Montreal, August 27, 2006 • No 190




Christopher Awuku lives in England and works within the voluntary-community non-profit sector.




by Christopher Awuku


          Ever since I have been politically aware, I have always possessed an inclination towards freedom-oriented ideologies. I think this is because freedom is something man, by nature, always seeks, irrespective of place, time period or circumstance. People in hunter-gatherer societies, for example, wouldn't make strides to achieve (say) economic equality, if such societies already lacked any great disparities in wealth.


          Once I became a principled libertarian, I was a staunch minarchist. As a minarchist, I naturally believed that a government (of very small size and scope) should exist within a libertarian society. The sole function of this government would be to uphold individual and property rights.

          Since I had spent all of my life living under a government, the concept of a lack of government didn't really appeal to me, nor seem an entirely rational or acceptable one to me. My opinions regarding minarchy even altered over time too. Initially I would have called for state ownership of the roads and the money supply. Gradually, I limited myself to advocating only for a judicial system, armed forces and a police force, out of some reflection.

          For a few years, I was quite content with the nature of my minarchism. However, things started to change. Around late 2005, I began to listen to a radio show called Free Talk Live. This is an American radio show, available over the Internet, which is soundly libertarian in its ethos and programming.

          One of the hosts of this show, Ian, is a self-proclaimed anarcho-capitalist or "free markeeter," as he labels it. His views have inspired me since they denote a logical, clear and reasonable approach to the ideology of market anarchy, which I had seldom heard before. Prior to this, the only market anarchists I had encountered were those on Internet bulletin boards, who didn't really seem that receptive or agreeable when discussing ideas.

          At about the same period, I also discovered the podcasts of Stefan Molyneux, who is a libertarian writer from Canada. Molyneux's podcasts are very insightful and inspiring, and helped in also presenting a credible rationale for market anarchy. Molyneux also formulated the concept of Dispute Resolution Organisations (or DRO's), as a replacement for the current functions of the state, which seemed quite intriguing.

“As a libertarian, how could I oppose the initiation of force, yet still condone force in the form of a government?”

          The final act (or the straw that broke the camel's back, so to speak) that swayed me to market anarchy was my own introspection and a thorough analysis of my own viewpoints. As a libertarian, how could I oppose the initiation of force, yet still condone force in the form of a government?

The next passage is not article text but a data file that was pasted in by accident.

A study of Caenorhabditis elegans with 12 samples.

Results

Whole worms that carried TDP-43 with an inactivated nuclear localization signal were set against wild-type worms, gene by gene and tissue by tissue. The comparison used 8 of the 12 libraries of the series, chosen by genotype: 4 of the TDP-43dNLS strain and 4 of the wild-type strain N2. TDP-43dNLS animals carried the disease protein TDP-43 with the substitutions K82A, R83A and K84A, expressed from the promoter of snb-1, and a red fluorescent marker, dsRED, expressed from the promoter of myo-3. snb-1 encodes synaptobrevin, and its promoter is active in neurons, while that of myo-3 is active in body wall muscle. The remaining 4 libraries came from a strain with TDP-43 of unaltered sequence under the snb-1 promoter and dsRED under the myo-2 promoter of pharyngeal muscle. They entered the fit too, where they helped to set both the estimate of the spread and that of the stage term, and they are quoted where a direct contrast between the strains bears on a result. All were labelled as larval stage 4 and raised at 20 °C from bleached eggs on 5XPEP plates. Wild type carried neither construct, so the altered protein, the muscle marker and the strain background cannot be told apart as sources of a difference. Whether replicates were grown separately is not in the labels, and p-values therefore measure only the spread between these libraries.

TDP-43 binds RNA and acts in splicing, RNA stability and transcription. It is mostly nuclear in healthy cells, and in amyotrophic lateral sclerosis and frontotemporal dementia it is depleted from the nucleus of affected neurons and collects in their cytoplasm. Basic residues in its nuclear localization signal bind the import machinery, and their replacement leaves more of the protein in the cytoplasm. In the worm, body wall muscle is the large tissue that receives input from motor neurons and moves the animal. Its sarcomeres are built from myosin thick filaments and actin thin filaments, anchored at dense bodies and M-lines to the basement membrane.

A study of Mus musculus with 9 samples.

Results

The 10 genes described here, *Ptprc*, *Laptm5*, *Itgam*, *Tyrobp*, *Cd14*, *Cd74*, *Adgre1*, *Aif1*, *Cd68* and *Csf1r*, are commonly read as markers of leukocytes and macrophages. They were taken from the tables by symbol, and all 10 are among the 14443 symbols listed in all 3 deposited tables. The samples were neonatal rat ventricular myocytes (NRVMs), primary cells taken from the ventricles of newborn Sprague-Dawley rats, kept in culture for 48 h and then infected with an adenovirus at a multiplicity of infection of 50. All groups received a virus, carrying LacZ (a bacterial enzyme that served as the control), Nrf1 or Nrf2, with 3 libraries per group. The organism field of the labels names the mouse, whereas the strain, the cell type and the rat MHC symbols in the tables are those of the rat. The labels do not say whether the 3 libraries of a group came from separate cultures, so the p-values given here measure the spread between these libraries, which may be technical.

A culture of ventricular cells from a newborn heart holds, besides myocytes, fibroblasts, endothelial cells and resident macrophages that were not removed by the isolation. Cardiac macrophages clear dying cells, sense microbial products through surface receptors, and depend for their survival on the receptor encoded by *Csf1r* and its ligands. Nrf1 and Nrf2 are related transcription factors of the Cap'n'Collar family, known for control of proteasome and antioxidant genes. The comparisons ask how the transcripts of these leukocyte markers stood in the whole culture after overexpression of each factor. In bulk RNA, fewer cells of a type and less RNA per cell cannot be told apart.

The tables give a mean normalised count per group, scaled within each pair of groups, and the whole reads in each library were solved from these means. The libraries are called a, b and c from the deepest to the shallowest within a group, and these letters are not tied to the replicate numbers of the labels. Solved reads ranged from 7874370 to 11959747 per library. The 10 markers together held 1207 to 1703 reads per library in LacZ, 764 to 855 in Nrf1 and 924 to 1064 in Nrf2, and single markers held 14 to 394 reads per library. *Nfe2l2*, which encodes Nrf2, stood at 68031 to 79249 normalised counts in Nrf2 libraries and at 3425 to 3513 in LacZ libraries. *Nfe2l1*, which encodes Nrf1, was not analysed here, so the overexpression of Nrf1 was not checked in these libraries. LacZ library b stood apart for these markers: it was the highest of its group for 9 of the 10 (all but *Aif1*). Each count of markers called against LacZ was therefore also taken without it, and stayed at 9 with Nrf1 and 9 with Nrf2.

A government would have to fund its operations in some manner and taxation is in all likelihood the most efficient means of doing this. To libertarians though, taxation is theft since it is a forcible transfer of money from the individual to the state. Clearly it would be contradictory for me to support the existence of government, if government had to be funded in this fashion. It would be like stating that cancer is bad, but limited cancer is good.

          Ultimately, my new reasoning was based upon a logical and consistent application of the principle of non-aggression. If no one is to initiate force against others' person or property, then this logically includes the government. Governments are made up of individuals, after all. Tony Blair, Gordon Brown, John Reid, Jack Straw, John Prescott, et al are ALL individuals.

          Permitting the free market to conduct the operations of the state would reduce and eliminate force, since the free market is voluntary. People can choose between providers in a free market. One can choose whether to buy groceries at Tesco or Sainsbury's, or whether to buy fast food from McDonald's or KFC. Under the rule of the state, no one has the power to choose whether they submit to the state or not.

          Also, as a libertarian, I believe that ALL human interactions should be voluntary. If this is the case, then I possibly cannot support the existence of the state. No government, even "tolerant" liberal democracies, ever operates on voluntary means. All governments are coercive in nature, irrespective of the exact type and kind of government. If anything, this dilemma has taught me that minarchism is an intrinsically contradictory philosophy.

          Despite my change, I am still tolerant of minarchists at large, even if I suppose their beliefs are contrary in nature. However, my reformation means a lot to me, since I personally value being able to reflect on one's views and holding the wisdom to recognise whether one might be in error. I feel that true wisdom comes from stating that you know nothing and are eager to learn about the world around you.

          As of mid 2006, I now label myself as a market anarchist. As a libertarian, I shall continue to combat the initiation of force in human affairs and call for universal voluntary association. As a libertarian, I believe this shall lead to more happiness for more people.